By Aaron Krol
May 19, 2014 | On Friday, a frank assessment of AstraZeneca's R&D practices appeared in Nature Reviews Drug Discovery. The review, written by members of the pharmaceutical company's Innovative Medicines and Early Development division, examined projects in preclinical, Phase I and Phase II trials from 2005-2010, and reached some stark conclusions about the corporate culture's influence on which compounds advanced through successive stages of testing. At the same time, the review offers new reasons for optimism, and may be seen to bolster AstraZeneca in its ongoing battle to resist acquisition by Pfizer.
While the top-line figures are glaring – in particular, the observation that AstraZeneca was letting an exceptional number of compounds through Phase I trials, compared to the industry as a whole, only to see disproportionate failures in Phase II – the authors' substantive look at the causes of failure is enlightening. A lack of confidence in the underlying biology of therapies seems to have been a frequent reason for failure, even in later stages of a project. In 40% of cases where lack of efficacy led to a project's shutdown, teams reported that they "lacked data demonstrating a clear linkage of the target to the disease or access to a well-validated animal model of the disease," and as late as Phase IIb trials, over 40% of teams reported "low confidence" in their molecular targets. In these cases, weak evidence of efficacy in preclinical models may have been enough to move projects forward, despite no strong hypothesis linking a lead drug to the disease pathology.
The authors also noted that a more well-rounded view of the biology was a powerful predictor of success. At the time of the review, only 27% of Phase II trials had failed where teams reported that their drug target had a known genetic link to the disease in humans, and only 18% of Phase IIb trials had failed if teams reported that they began testing with a biomarker for efficacy in mind. "Overall," the authors write, "these data highlight that, throughout every phase of early R&D, it is crucial for scientists and clinicians to gain an understanding of, and confidence in, the disease biology, the relationship of the target to the disease indication, and the proposed mechanism of action of a potential drug."
While the problems identified in this review will look familiar to many working in the pharmaceutical industry, they seem to have grown particularly entrenched at AstraZeneca. The authors note that projects were frequently advanced because teams were evaluated by volume of compounds in active testing, creating a perverse incentive to promote any candidate drug that could meet minimal standards of evidence. One indicator of this culture is the lack of diversity in back-up molecules, meant as potential replacements for a lead candidate in certain key projects. The authors found that back-up molecules were often only minor tweaks of the lead candidate, advanced with no reason to believe they would differ in activity or outperform the lead drug on any metric. "In one extreme case," they write, "we identified a project with seven back-up molecules in the family... [which] all failed owing to the same preclinical toxicology finding."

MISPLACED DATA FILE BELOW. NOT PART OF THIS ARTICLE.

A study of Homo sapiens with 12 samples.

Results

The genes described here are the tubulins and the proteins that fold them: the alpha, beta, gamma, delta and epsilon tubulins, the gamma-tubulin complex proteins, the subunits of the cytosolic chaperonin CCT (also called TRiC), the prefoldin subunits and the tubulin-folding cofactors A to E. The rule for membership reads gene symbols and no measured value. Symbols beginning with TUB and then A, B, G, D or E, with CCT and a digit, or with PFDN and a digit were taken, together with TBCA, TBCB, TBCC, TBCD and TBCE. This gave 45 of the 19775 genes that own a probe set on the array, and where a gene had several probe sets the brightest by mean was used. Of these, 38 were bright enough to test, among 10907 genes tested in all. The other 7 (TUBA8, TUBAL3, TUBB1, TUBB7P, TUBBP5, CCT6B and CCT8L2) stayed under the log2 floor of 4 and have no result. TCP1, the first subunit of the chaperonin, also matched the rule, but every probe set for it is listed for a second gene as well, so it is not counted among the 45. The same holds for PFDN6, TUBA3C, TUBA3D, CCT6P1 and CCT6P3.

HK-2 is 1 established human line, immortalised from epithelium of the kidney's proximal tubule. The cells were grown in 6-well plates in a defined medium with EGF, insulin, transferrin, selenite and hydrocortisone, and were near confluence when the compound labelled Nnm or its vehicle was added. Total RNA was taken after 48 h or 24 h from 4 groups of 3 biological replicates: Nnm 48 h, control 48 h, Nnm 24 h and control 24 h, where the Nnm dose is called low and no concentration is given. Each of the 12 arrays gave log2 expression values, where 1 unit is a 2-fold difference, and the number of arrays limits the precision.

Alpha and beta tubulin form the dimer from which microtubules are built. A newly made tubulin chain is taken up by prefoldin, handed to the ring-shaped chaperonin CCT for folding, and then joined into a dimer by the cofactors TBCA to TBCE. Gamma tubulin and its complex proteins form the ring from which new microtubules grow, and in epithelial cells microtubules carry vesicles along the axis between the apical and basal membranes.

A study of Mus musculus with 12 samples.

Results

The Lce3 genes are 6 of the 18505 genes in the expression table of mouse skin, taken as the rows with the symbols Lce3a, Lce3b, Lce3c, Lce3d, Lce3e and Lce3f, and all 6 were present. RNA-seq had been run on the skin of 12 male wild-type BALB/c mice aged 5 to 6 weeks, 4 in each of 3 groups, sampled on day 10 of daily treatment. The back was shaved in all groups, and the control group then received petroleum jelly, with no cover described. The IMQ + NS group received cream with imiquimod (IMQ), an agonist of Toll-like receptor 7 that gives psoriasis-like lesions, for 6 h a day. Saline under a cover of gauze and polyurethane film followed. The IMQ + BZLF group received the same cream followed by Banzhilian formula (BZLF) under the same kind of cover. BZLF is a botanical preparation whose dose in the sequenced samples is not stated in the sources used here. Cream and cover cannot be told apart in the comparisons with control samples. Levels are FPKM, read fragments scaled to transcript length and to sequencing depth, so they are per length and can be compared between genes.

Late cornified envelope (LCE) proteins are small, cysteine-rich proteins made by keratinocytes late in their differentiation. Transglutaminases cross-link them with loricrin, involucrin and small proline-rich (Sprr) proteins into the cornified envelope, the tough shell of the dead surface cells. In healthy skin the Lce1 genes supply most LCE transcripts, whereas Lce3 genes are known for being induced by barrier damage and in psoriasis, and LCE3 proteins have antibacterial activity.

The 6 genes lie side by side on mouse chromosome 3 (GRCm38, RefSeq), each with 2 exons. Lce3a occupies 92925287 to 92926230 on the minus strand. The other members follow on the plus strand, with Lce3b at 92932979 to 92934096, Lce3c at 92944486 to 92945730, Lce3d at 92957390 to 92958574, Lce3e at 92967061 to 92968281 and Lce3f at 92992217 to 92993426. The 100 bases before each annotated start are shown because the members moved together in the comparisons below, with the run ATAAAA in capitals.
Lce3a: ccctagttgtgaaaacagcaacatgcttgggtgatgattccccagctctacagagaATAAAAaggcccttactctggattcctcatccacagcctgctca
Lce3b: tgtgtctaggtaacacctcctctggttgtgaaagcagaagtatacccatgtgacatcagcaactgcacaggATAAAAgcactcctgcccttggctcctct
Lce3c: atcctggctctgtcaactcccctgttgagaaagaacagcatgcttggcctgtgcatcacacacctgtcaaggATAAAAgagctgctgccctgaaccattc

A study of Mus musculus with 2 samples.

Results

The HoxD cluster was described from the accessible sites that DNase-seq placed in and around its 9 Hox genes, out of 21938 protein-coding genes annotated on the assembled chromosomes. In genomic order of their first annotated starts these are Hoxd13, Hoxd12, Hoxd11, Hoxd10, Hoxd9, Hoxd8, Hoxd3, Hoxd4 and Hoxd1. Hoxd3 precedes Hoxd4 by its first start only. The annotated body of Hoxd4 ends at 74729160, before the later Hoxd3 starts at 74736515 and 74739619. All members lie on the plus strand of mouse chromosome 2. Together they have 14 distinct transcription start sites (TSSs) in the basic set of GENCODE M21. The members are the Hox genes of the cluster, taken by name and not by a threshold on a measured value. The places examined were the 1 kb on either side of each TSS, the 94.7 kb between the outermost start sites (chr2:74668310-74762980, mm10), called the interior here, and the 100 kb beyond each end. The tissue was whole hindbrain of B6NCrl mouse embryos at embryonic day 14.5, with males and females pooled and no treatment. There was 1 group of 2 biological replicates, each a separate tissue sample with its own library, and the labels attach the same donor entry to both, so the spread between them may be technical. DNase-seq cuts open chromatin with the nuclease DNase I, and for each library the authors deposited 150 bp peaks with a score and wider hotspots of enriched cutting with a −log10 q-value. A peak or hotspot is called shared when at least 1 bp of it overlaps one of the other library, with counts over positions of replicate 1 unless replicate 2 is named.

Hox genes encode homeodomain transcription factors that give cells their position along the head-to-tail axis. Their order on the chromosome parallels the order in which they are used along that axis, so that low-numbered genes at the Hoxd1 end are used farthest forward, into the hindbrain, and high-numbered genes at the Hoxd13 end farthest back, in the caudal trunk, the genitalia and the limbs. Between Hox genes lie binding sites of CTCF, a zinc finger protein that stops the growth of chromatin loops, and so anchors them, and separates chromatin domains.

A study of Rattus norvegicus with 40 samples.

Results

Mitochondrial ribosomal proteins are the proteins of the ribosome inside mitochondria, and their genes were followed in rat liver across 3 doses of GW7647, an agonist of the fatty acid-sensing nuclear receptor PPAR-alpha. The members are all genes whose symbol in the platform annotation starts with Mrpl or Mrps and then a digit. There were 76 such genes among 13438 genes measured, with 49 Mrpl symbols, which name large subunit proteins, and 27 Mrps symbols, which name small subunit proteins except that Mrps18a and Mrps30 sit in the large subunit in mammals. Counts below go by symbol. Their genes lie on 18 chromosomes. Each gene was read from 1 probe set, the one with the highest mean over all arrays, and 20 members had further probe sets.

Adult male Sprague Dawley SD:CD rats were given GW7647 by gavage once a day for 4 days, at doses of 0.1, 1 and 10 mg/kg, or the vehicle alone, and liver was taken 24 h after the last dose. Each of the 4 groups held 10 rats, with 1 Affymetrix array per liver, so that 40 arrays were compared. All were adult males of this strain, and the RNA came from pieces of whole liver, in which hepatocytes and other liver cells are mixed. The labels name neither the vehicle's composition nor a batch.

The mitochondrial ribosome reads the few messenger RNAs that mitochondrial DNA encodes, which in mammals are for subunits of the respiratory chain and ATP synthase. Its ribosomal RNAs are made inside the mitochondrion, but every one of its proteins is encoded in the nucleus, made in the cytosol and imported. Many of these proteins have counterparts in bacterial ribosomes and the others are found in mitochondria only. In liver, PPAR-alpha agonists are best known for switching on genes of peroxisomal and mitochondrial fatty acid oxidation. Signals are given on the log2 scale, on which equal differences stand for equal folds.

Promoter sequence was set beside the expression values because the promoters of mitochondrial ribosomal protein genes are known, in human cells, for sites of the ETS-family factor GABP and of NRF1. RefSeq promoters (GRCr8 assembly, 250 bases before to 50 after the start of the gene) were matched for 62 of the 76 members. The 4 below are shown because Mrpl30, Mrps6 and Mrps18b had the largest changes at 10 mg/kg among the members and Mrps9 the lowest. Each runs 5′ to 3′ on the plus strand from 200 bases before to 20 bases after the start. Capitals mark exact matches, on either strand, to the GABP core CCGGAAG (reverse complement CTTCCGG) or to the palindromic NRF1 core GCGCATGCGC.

Although the review was completed in 2011, it has been published at a fortuitous time for AstraZeneca, which has fought off repeated takeover attempts by Pfizer, including an offer of $117 billion over the weekend. There has been frequent speculation that AstraZeneca's shareholders may rebel against the wishes of the board and accept a high bid by Pfizer, which is offering a high premium over the market value of AstraZeneca shares. While AstraZeneca's board members insist that Pfizer is still undervaluing their drug portfolio, skeptics note that AstraZeneca has struggled to bring new drugs to market in recent years.
This report offers reasons to believe that the company's R&D practices may have changed since 2011, with a new emphasis on biological understanding over volume. The authors note that the company's early development portfolio is significantly smaller than it was three years ago, and that teams are now expected to articulate their hypotheses relating drugs to disease targets, and more encouraged to seek out relevant biomarkers, companion diagnostics, and patient subpopulations. While acknowledging that "it is too early to see tangible benefits to the AstraZeneca pipeline," they also observe that both preclinical and Phase II success rates have risen since the new R&D philosophy was implemented, while inflated Phase I success rates have fallen.
While the timing may be coincidence, for AstraZeneca boosters looking for evidence to point to when arguing that Pfizer's takeover bids undervalue the flagging company, this review will be a welcome addition to the public record. For everyone else, it is an instructive glimpse into misguided incentives at the root level of the drug industry.